Goodwin Sands



stretch of shoals and sandbars, c.10 mi (20 km) long, lying off the east coast of Kent, SE England. It forms a breakwater E of The Downs, a roadstead. Shipwrecks were formerly frequent on the Sands. The shifting sands do not allow the construction of lighthouses, but there are several lightships and numerous buoys. Traditionally, the Sands were once a fertile isle called Lomea, the property of Godwin, earl of Wessex; Lomea was submerged by a great storm in the late 11th cent.
The Goodwin Sands plan, proposed by London-based maritime engineers Beckett Rankine, is also seen as more environmentally friendly than the Lord Foster Isle of Grain airport plan in the Thames estuary.
The plane's pilot, Willi Effmert, attempted to carry out a wheels-up landing on Goodwin Sands but, although he landed safely, the aircraft sank.
1899 - The first radio distress call was sent for assistance to a merchant ship aground on Goodwin Sands, off the Kent coast.
But you especially want the pointless animated cantering horse and gig to be replaced by an animation of Pugin steering his wrecker, The Caroline, out to the Goodwin Sands to collect salvage.
In tonight's episode, the trio dive to explore the wreck of HMS Stirling Castle, a man o' war sunk on the Goodwin Sands on November 26, 1703, the night of the Great Storm immortalised by Daniel Defoe.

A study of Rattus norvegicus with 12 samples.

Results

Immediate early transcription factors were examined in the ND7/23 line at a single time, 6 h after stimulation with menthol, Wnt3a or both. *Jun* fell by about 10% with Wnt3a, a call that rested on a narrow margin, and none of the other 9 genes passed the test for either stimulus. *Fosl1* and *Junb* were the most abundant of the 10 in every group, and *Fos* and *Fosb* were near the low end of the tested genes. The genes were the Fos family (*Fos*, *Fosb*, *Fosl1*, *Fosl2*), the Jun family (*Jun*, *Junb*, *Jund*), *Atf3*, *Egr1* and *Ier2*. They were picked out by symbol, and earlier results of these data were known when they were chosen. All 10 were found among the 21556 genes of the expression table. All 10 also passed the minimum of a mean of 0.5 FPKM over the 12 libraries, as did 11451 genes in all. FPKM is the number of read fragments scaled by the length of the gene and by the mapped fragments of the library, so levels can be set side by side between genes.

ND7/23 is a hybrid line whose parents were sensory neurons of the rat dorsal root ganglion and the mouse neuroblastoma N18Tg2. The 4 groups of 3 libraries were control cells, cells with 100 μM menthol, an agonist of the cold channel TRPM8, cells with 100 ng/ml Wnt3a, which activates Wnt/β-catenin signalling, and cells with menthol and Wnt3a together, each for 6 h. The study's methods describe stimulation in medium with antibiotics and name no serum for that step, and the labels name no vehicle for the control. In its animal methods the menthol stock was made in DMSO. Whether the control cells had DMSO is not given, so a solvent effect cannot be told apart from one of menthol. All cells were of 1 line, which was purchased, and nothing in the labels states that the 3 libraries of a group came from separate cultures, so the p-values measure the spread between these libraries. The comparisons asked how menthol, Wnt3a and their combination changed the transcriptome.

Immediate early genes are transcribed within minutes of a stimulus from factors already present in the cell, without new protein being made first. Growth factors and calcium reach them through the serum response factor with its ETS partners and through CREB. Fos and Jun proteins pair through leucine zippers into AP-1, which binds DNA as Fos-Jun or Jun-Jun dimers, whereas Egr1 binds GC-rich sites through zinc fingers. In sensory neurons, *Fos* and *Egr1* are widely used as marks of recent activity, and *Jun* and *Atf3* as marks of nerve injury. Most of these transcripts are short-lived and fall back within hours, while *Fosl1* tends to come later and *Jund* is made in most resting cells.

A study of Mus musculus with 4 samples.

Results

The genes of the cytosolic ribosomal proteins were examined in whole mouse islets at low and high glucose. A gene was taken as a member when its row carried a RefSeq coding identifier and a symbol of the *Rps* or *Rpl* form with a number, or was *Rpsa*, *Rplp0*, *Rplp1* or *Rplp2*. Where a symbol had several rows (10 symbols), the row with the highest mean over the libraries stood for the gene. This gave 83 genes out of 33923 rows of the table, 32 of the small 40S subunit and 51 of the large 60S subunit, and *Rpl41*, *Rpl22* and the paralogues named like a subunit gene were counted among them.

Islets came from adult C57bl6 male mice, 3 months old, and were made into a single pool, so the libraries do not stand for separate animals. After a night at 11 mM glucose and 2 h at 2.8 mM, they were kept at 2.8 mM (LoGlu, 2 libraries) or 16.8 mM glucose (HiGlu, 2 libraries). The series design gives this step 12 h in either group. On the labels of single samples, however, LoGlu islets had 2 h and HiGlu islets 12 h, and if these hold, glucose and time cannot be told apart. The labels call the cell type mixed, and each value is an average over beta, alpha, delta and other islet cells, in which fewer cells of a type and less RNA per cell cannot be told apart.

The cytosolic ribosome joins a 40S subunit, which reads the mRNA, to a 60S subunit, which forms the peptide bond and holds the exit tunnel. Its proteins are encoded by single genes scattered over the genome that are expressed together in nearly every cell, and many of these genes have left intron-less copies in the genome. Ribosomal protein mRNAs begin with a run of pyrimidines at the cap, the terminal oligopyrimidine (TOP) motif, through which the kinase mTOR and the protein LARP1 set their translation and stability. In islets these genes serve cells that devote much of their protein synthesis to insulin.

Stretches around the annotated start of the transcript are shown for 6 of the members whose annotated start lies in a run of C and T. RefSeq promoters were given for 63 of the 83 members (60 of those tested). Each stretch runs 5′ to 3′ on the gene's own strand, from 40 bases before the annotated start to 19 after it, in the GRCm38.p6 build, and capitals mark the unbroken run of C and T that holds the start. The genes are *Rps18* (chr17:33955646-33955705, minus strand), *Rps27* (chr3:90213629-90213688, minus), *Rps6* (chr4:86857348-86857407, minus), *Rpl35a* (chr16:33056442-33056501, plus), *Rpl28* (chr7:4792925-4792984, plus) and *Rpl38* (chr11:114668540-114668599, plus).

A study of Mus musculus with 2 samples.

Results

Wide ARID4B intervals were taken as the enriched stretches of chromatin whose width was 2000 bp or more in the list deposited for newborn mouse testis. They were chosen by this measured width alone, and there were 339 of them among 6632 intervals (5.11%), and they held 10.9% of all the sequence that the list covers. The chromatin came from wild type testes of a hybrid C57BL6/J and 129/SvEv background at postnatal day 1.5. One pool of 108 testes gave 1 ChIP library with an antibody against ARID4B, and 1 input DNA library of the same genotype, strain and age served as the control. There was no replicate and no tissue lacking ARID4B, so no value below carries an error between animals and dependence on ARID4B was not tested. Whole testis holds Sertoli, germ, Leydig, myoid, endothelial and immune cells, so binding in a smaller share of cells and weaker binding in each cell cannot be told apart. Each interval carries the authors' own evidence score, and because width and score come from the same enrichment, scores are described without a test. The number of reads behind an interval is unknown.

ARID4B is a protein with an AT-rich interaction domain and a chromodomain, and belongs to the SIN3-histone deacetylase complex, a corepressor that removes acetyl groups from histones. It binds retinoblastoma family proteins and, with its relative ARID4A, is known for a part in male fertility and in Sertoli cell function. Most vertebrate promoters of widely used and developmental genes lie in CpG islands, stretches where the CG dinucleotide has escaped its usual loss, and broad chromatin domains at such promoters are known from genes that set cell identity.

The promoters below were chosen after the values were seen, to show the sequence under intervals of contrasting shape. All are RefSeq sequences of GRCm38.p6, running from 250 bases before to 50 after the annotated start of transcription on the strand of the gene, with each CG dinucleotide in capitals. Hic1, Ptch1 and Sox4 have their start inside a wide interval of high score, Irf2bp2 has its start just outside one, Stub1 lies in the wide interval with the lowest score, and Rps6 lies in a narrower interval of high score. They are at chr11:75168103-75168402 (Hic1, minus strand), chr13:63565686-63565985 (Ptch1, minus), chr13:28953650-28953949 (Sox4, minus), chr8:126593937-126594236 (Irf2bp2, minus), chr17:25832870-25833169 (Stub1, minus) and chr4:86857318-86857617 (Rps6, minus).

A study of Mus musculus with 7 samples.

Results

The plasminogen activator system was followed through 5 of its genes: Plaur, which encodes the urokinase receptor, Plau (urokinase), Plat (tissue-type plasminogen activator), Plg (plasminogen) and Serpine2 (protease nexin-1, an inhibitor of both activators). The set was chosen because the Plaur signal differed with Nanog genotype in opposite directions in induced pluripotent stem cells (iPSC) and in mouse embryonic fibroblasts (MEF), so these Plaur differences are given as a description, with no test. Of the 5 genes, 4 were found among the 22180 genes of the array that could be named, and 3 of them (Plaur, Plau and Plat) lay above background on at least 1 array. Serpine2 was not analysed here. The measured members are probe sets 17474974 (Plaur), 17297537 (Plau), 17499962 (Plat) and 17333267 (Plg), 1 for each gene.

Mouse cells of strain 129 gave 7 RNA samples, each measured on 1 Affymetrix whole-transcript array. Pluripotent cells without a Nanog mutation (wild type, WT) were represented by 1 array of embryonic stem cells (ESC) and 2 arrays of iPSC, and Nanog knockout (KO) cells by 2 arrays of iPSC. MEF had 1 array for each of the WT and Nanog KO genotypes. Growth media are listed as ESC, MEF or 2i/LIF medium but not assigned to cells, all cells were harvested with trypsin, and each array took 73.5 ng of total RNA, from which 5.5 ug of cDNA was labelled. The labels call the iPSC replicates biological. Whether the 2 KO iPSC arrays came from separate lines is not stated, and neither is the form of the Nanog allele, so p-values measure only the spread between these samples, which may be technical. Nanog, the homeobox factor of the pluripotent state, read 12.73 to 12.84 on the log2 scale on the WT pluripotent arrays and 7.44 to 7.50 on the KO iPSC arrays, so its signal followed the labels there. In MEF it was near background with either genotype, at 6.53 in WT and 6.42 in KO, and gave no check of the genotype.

Newcomer Goodwin Sands drifted from 5-2 to 5-1 for the EBF Maiden and he appeared to get up close home but the photo showed that he had been beaten less than an inch by Smuggler's Song.
The son of Dr Devious just managed to hold on from Goodwin Sands.
The Dornier was recovered at a cost of PS600,000 from the waters of the Goodwin Sands, three miles off the coast of England, in June.
1899 The first radio distress call was sent, summoning assistance to a merchant ship aground on Goodwin Sands, off the Kent coast.
The wreck - thought to be the Dutch East India Company vessel Rooswijk - was discovered by divers in the Kellet Gut area of the Goodwin Sands off the Kent coast in 2004.
A man o' war, the ship was sunk on the Goodwin Sands on November 26, 1703, the night of the Great Storm immortalised by Daniel Defoe.